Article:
WASHINGTON (AP) — Alaska Gov. Sarah Palin has charged her state a daily allowance, normally used for official travel, for more than 300 nights spent at her home, The Washington Post reported Tuesday.

An analysis of travel statements filed by the governor, now John McCain's Republican running mate, shows she claimed the per diem allowance on 312 occasions when she was home in Wasilla and that she billed taxpayers $43,490 for travel by her husband and children.

Per diem payments are meant for meals and incidental expenses while traveling on state business. State officials told The Post her claims — nearly $17,000 over 19 months — were permitted because her "duty station" is Juneau, the capital, and she was in Wasilla 600 miles away.

Palin spends little time at the governor's mansion in Juneau, especially when the Legislature if out of session, and instead prefers to live in Wasilla and commute to her office in Anchorage.

Palin's spending and record in office are coming under intense scrutiny as she is presented to the nation as a champion of ethics reform and frugal use of tax dollars — a leader who put the state jet on sale on eBay and drives herself to work.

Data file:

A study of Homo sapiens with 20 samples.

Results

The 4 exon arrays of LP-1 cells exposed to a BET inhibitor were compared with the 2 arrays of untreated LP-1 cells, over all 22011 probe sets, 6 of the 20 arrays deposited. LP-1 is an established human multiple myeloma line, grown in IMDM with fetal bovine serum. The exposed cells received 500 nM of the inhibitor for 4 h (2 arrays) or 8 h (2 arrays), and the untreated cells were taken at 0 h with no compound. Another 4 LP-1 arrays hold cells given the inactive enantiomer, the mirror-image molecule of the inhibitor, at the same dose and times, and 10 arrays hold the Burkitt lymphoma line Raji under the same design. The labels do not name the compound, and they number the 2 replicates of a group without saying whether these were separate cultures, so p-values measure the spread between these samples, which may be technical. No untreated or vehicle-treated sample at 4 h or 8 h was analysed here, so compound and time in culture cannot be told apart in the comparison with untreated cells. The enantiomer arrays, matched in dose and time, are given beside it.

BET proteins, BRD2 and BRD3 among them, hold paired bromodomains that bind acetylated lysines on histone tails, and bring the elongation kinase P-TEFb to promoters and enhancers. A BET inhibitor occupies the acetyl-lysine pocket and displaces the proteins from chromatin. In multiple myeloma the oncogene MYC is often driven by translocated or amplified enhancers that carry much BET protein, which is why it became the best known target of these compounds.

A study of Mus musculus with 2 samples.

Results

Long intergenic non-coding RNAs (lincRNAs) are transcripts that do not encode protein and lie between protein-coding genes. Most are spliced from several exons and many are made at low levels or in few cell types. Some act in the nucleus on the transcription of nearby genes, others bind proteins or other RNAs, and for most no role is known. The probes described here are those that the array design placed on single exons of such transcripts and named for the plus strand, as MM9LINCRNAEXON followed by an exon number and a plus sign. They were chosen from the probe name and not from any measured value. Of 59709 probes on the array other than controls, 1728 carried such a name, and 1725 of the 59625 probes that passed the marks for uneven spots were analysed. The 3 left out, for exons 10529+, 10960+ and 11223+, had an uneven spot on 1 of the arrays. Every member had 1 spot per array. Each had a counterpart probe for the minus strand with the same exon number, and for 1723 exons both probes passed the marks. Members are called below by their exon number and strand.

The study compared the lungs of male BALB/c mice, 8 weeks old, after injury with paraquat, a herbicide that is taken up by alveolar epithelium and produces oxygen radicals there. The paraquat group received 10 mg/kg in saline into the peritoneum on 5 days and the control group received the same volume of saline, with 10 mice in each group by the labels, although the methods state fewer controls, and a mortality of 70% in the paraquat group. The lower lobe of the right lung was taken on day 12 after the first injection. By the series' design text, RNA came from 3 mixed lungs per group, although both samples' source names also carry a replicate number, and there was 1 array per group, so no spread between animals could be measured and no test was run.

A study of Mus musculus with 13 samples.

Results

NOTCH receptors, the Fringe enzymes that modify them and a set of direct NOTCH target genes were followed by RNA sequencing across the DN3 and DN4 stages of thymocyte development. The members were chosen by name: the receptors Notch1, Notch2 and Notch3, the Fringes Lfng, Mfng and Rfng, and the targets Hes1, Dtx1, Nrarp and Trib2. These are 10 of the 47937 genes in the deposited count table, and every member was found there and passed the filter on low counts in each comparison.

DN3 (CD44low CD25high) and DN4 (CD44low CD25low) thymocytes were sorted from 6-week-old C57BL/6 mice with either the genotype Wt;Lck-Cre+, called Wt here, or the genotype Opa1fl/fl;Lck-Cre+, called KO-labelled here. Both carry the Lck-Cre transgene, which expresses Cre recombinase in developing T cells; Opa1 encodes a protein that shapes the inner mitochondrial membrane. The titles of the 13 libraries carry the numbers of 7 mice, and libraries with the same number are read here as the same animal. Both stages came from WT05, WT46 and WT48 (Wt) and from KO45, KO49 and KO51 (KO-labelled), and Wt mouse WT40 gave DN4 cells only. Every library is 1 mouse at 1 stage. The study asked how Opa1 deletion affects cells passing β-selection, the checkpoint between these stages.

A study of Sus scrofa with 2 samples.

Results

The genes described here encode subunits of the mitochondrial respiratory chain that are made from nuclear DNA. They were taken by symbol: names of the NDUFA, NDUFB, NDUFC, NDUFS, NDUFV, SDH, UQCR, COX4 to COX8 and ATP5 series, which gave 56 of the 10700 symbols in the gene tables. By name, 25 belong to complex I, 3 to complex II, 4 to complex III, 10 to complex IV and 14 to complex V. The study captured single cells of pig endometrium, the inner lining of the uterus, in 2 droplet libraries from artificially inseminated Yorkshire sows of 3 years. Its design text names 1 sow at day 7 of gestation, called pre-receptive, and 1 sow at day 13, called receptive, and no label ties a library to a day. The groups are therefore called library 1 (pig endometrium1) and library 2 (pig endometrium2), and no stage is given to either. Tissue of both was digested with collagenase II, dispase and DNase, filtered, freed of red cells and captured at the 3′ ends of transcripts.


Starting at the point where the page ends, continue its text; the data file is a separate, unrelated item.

The Post's analysis shows her husband Todd and their daughters were reimbursed by taxpayers for many trips between Wasilla and Juneau as well as for a variety of other travel that was also listed as state business. Palin's aides said travel by Alaska's first family is part of the job.

But it's not clear when children's travel expenses should be covered. State finance director Kim Garnero told the paper the government covers the travel costs of anyone conducting state business and, "I can't imagine kids could be doing that."

Palin took her daughter Bristol to New York in October for a conference on women and leadership, a tour of the New York Stock Exchange and various meetings, the analysis shows. Travel costs included three nights in a hotel room costing more than $700 a night.

Overall, Palin's travel spending pales in comparison with that of predecessor Frank Murkowski, who charged $463,000 for air fare in 2006. Palin charged $93,000 in 2007.

Palin spokeswoman Tracey Schmitt said Tuesday that the governor is expected to travel frequently. "This is part of her job and it's only reasonable her travel expenses — which were reduced dramatically from the previous administration — would be covered," Schmitt said.